The most recent jobs report from the U.S. Department of Labor eliminates any lingering doubts that labor markets in the U.S. are now quite tight and that employers need more workers.
The Hamilton Project at Brookings announced that jobs are just as plentiful, relative to the population of potential workers, as they were before the Great Recession. The national unemployment rate, at 4.3 percent, has fallen to its lowest rate since 2001. The job vacancy rate, at 4 percent, is higher than at anytime in recent memory.
Though wage growth is lower than we would like, it too showed some signs of accelerating last month. Average hourly earnings increased by 9 cents from June to July, which, when annualized and compared to the previous month, equals a 4-percent rise.
Stories abound on the difficulties employers have finding and keeping workers in a range of sectors. Employers struggle to fill well-paying jobs in healthcare, advanced manufacturing, informational technology, construction, transportation and logistics with workers sufficiently skilled to handle the work. Workers with wages too low to join the middle class could now have an opportunity to improve their earnings capacity in these jobs.
Too many workers are on the sidelines altogether, having left the job market in recent years. Some have too few basic skills or work experience to be job ready. Many have criminal records or opioid dependencies that limit their employability. Too many others rely on disability insurance or other income transfers as jobs go unfilled. We might be able to get some of them into jobs now as well.
A tight labor market creates unusual opportunities for us to address these many challenges. Because employer demand for workers is now so strong, the usual questions about whether jobs really exist for better-skilled or more motivated workers are moot. In addition, employers who experience unusual difficulty hiring or retaining workers will likely be more open to training them and perhaps will hire more marginal applicants whom they would not otherwise consider.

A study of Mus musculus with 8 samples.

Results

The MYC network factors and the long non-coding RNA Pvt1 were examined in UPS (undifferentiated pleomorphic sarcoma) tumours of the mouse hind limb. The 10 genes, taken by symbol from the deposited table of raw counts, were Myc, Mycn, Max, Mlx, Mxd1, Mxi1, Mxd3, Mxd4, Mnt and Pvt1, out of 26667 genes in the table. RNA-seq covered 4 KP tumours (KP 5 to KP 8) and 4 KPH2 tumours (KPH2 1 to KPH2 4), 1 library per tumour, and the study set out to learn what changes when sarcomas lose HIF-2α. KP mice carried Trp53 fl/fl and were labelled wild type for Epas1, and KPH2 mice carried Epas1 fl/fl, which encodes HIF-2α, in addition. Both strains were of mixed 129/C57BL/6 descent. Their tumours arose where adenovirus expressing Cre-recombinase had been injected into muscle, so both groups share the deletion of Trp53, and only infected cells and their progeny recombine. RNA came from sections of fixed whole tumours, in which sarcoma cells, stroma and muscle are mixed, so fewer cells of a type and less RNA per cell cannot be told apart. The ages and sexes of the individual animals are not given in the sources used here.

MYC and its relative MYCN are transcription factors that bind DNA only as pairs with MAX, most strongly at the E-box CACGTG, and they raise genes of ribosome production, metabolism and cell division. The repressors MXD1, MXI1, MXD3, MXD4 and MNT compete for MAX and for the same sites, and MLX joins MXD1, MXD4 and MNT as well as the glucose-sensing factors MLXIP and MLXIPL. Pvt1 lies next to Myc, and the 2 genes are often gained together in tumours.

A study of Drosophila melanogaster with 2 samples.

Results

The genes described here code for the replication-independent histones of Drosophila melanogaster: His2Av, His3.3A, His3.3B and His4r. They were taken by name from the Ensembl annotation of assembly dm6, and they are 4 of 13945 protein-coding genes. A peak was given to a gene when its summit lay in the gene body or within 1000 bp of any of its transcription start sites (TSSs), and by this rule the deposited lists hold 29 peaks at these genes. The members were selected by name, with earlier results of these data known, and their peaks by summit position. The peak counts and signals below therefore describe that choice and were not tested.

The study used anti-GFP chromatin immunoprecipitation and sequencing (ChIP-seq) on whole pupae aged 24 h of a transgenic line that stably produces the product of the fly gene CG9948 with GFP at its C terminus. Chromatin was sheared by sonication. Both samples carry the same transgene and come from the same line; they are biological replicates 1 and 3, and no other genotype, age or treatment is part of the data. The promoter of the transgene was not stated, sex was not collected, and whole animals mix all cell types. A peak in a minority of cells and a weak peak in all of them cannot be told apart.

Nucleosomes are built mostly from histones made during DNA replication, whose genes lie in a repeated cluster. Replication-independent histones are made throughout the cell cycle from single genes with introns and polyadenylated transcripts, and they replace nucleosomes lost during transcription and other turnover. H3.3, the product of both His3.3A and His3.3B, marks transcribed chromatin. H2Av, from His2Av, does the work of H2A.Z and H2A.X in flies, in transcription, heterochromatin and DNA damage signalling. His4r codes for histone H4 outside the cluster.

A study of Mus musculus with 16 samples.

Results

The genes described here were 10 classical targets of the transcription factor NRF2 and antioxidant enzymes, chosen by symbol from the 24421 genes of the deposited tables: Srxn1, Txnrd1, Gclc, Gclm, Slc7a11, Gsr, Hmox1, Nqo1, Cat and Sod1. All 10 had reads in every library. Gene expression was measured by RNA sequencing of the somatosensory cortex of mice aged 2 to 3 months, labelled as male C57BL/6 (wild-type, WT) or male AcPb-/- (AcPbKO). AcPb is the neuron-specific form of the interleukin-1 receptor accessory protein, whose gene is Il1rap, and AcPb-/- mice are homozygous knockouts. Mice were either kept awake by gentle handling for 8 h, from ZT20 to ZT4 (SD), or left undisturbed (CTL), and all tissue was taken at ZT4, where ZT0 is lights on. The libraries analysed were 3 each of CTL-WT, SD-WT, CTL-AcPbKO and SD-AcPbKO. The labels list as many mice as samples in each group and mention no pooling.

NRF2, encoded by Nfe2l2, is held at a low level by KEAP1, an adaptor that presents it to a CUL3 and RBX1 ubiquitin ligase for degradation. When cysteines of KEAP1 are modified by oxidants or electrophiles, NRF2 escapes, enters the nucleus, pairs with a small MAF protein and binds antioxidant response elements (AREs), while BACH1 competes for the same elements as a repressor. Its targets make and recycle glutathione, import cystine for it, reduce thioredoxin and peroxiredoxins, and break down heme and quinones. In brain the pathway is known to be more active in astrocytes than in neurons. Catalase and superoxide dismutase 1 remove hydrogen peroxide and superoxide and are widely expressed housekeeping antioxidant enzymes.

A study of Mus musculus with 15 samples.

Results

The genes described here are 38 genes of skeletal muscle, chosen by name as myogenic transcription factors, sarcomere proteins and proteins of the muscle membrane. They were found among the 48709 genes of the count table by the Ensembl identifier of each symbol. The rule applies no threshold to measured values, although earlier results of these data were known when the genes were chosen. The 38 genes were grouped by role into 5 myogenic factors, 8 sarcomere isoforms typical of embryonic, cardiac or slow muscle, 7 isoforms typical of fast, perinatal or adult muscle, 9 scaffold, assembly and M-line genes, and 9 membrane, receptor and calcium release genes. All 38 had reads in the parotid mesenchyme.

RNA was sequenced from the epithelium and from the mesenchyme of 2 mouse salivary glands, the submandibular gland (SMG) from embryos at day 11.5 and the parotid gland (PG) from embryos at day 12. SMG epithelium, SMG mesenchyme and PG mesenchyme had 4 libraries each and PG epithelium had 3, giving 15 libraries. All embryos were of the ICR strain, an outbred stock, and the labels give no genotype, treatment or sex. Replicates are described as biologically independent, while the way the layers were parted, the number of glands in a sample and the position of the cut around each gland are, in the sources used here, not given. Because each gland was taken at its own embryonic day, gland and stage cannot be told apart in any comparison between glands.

Indeed, tight labor markets do more to help disadvantaged workers than any policy interventions, and such policies will likely be more successful when markets are tight. After so many years of slack labor markets, with limited employer interest in such efforts, we must not let this opportunity go to waste.
So what should we do?
First, we must make it a top national priority to engage employers in efforts to train more workers to fill well-paying existing jobs that do not require four-year college degrees. Programs based on partnerships between employers in key sectors and training providers like community colleges should expand their classroom capacities and engage more students as they face high demand.
Work-based learning models like apprenticeships should be especially appealing now to both employers and workers, and public efforts to expand them with tax credits and technical assistance should ramp up.
Second, stronger efforts must be made to engage workers with stigmatizing characteristics, like criminal records and long-term unemployment. Some are not currently employable and not ready for real labor market experience. But perhaps employers would now show more interest in those with good basic skills and with non-violent felonies for drug possession who have not reoffended in a number of years and who show some evidence of successful completion of supervised work programs.
Efforts to place such workers in jobs by engaging employers should receive more support and funding increases. Similar efforts on behalf of others with long-term unemployment, and even those with very limited substance dependencies or disabilities, should be made too.
Third, it is a good time to experiment with proposals, at the state or local levels, to reform disability insurance and other transfer programs by encouraging more employment and training among their recipients.
Those interested in and capable of work would more likely gain work experience now and a foothold in the job market than at other times, as did welfare recipients after reforms in the tight job market of the late 1990s. Those capable of successfully completing community college programs or apprenticeships should be given those opportunities too.
Of course, allowances must be made for those who truly cannot find or keep such work on their own, and important work supports like child care and transportation should be made more readily available. Additional funding needed to assess work capabilities and pay for such support should be provided.
Overall, pragmatic Democrats and Republicans at the state and federal levels should come together to negotiate packages of such proposals, while actively engaging employers and skill providers in the process. It is hard to think of a more promising labor market environment for raising worker employability and earnings capacity than we now have. Let’s not let it to go to waste.
Harry J. Holzer is a public policy professor at Georgetown University and a nonresident senior fellow in economic studies at the Brookings Institution.
The views expressed by contributors are their own and not the views of The Hill.